The uncertainty of the current situation due to the coronavirus has many people on edge, especially if they’re now juggling childcare and homeschooling responsibilities while working from home. Many employees may also feel financial stress if a spouse is furloughed or laid off, so they may not be as productive as they would under other circumstances.
Reminding employees about employee assistant programs (EAP) and telecounseling — or expanding those options — are one way to deal with this stressful situation.
Here’s a look at how 3 companies are providing extra support to employees during the current pandemic.
Setting up a home office
All of Honest Paws’
employees, who live in the United States (including Puerto Rico) and South America, recently switched to remote work. The company provided a stipend of several hundred dollars to help employees set up their home office. CEO Erik Rivera says most people are using the stipend on desks, monitors, and/or headphones. Employees will also get a monthly stipend for internet costs.
Rivera predicts that the current situation will help employers see the benefits of enabling remote work. “It’s going to shift the perception of work from home,” he says. “You’re able to access talent wherever.”
One of the downsides of hastily setting up a home office is that it might be not as functional as an ergonomically designed workplace. Fortunately the 62 employees at InsideTracker
, a personalized nutrition company based in Cambridge, Massachusetts, have an ergonomist on their staff.
Iris Sokol, senior vice president of corporate wellness, is a trained ergonomist who’s available to help employees. “I can do it via Google hangouts to get their workstation as ergonomically correct as possible,” she says.
Pausing to stretch
Sokol has observed a recent uptick in stress.
“People aren’t sleeping, people are experiencing more aches and pains related to the stress of what’s going on.”
To help employees decompress, she leads a daily stretch break on Google Hangouts. They meet for about 15 to 20 minutes before lunchtime and do a mat stretching class on Fridays. Some employees linger after the stretch break to socialize.
“Not only does the breathing help you relax and release endorphins, but it’s relieving the muscular tension you’re holding in your bod,” she says. She also takes requests from employees who want to target specific muscles that feel tight.
Expanding personal time
Even employees who don’t have childcare responsibilities or money woes may feel anxious and need time to process these emotions. Gabriella Israel, cofounder of Minneapolis-based digital marketing agency Proofpoint Marketing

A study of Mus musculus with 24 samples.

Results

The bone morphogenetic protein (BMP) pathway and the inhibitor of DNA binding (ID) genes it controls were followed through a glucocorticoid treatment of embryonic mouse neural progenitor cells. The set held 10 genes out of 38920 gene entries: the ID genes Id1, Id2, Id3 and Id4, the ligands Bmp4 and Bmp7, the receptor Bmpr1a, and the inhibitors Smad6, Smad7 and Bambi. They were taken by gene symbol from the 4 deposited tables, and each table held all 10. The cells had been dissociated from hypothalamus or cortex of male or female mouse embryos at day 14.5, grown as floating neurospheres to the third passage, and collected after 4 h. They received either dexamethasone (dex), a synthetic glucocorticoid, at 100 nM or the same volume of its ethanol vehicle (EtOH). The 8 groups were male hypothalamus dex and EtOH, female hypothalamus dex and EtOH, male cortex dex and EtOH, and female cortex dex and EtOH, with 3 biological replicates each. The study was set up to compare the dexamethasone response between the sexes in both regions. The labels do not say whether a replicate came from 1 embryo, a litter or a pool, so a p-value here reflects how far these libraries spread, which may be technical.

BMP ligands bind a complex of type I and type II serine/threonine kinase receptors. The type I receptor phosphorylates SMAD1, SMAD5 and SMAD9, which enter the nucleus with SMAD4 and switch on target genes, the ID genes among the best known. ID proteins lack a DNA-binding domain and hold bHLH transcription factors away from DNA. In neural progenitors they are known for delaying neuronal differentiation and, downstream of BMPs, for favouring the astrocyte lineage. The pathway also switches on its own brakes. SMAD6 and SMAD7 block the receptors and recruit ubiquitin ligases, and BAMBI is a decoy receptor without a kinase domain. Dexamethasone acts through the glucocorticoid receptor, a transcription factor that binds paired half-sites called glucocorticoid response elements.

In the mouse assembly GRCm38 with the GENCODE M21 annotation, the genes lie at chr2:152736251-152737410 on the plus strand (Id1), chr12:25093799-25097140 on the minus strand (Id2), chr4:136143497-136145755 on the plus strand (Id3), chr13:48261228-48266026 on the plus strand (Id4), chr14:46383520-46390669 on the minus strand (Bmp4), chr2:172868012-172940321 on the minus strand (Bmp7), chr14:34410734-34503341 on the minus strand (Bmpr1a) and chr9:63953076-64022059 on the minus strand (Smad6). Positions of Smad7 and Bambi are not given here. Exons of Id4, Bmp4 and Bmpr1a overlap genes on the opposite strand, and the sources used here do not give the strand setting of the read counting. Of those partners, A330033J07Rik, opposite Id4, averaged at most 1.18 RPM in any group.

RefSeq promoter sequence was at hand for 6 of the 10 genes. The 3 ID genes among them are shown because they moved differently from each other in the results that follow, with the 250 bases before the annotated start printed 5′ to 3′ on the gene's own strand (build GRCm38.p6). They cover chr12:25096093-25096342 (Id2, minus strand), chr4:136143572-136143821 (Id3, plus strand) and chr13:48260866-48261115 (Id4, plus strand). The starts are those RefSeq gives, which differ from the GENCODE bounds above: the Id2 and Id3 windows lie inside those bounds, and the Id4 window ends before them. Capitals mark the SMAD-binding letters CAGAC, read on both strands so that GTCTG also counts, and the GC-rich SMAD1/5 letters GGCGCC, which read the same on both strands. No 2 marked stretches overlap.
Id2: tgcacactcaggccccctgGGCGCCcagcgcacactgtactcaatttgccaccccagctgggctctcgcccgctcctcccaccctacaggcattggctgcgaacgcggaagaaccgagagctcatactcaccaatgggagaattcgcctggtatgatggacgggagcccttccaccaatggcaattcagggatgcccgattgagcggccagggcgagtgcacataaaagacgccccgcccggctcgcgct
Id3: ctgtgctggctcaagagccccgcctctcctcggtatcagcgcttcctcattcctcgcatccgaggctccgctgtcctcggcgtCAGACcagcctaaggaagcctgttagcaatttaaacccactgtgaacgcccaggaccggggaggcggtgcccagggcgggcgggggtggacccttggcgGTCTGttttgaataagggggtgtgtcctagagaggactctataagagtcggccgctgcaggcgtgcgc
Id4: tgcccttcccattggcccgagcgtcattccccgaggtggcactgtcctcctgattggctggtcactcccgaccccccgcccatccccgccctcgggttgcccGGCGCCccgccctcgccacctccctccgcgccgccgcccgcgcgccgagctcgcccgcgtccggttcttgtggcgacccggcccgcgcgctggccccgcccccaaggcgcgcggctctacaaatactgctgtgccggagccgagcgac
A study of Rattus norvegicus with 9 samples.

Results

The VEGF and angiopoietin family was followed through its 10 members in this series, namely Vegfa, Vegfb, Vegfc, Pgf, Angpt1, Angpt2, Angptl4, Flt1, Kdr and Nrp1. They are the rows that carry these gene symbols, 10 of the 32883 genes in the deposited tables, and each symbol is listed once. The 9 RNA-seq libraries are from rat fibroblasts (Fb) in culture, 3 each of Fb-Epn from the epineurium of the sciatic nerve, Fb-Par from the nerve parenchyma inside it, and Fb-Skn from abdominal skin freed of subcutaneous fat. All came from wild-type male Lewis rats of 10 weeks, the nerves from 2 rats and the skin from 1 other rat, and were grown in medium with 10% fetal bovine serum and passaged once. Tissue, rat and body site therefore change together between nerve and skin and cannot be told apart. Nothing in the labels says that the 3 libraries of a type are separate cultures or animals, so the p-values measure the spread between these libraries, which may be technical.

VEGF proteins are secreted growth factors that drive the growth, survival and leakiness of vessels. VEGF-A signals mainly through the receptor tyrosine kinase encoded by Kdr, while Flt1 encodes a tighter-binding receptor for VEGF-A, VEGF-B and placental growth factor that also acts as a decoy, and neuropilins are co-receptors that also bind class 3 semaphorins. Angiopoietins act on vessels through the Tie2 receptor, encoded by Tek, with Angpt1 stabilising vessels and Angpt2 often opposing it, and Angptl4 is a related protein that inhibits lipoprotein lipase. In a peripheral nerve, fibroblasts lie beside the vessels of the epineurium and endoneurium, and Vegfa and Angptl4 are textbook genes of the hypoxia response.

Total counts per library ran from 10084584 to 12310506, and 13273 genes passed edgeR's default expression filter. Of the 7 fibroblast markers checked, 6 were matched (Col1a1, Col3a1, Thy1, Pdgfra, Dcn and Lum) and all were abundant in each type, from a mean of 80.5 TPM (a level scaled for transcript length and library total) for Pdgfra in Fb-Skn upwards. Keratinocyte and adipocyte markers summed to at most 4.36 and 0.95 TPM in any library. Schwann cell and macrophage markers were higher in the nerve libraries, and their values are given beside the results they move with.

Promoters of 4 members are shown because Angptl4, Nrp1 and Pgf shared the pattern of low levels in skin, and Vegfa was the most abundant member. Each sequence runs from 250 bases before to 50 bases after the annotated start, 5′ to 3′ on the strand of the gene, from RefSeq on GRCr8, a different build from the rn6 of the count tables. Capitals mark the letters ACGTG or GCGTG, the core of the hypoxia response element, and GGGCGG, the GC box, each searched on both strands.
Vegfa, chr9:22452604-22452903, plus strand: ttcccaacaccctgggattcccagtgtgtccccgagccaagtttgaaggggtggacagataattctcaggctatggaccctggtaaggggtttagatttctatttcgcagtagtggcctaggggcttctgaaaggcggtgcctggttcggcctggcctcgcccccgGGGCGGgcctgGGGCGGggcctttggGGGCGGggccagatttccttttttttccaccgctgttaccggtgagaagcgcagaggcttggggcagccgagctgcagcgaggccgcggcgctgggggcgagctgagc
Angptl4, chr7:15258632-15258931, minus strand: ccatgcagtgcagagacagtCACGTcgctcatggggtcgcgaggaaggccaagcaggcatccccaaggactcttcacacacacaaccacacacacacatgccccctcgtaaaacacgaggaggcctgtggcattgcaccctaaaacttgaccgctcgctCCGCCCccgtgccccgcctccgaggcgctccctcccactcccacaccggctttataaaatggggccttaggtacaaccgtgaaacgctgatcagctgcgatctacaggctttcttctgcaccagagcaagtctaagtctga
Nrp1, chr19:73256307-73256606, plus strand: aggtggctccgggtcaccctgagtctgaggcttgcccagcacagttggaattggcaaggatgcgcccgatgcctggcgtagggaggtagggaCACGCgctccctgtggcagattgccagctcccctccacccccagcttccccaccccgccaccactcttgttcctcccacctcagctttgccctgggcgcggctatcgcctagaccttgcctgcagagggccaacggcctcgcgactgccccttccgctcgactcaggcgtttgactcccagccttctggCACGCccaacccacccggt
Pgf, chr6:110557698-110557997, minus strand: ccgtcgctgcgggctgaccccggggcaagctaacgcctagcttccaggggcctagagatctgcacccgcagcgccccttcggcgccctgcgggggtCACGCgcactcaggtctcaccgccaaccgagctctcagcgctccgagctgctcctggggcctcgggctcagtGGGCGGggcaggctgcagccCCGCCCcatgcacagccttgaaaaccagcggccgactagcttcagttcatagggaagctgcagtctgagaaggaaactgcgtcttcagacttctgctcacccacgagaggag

recognizes this and is giving everyone a personal day of their choosing over the next several weeks.
“The goal for this personal day off is that they try to do something for themselves — outside of family stuff — and also we are encouraging our team not to watch the news or read updates on their day off."
“This is in addition to any time off they have planned or need to take,” she says. “The goal for this personal day off is that they try to do something for themselves — outside of family stuff — and also we are encouraging our team not to watch the news or read updates on their day off. Truly just take a day off!”
Honest Paws’ management had already been thinking about moving to an unlimited PTO policy, and COVID-19 spurred them to action.
“We’ve had a couple of people get sick and we don’t know if it’s coronavirus or not, but we wanted to give people flexibility in this time versus creating rigidity,” Rivera says.
Expecting less, sharing more
A year ago, working parents everywhere cringed when a child interrupted her dad during a live TV interview with BBC. With many parents working without childcare, many employers are reducing the stigma around “BBC Dad
“Employees have our blessing to have well-behaved kids present and/or attend to their kids’ needs on calls by muting their video and stepping away from the camera."
“Employees have our blessing to have well-behaved kids present and/or attend to their kids’ needs on calls by muting their video and stepping away from the camera to tend to their family during this time,” Israel says. “We have one employee who has an infant who still sleeps a lot, so we've told her it's totally fine to have her baby in her arms or hold her in a front pack while on calls, and just mute if the baby gets loud or starts to cry.”
Rivera echoes that sentiment. “To break the ice and make people feel comfortable, we tell everybody, ‘if your kids are in the background screaming, it’s cool, we understand, we don’t care,’” he says.
In fact, he encourages employees to turn cameras on and show each other’s children or pets on Zoom calls.
“It feels more person-to-person versus transactional,” he adds.
InsideTracker has a Slack channel devoted to coworkers sharing photos of their dogs. They also share photos of meals (it is a nutrition company, after all) and held a “weirdest household object contest.” (Sokol clinched that title with a ceramic rooster that used to belong to her mother-in-law.)
While some of these strategies — such as EAP and home office subsidies — have monetary costs associated with them, things like loosening meeting policies to show compassion to parents or creating opportunities for employees to connect don’t have to cost a thing.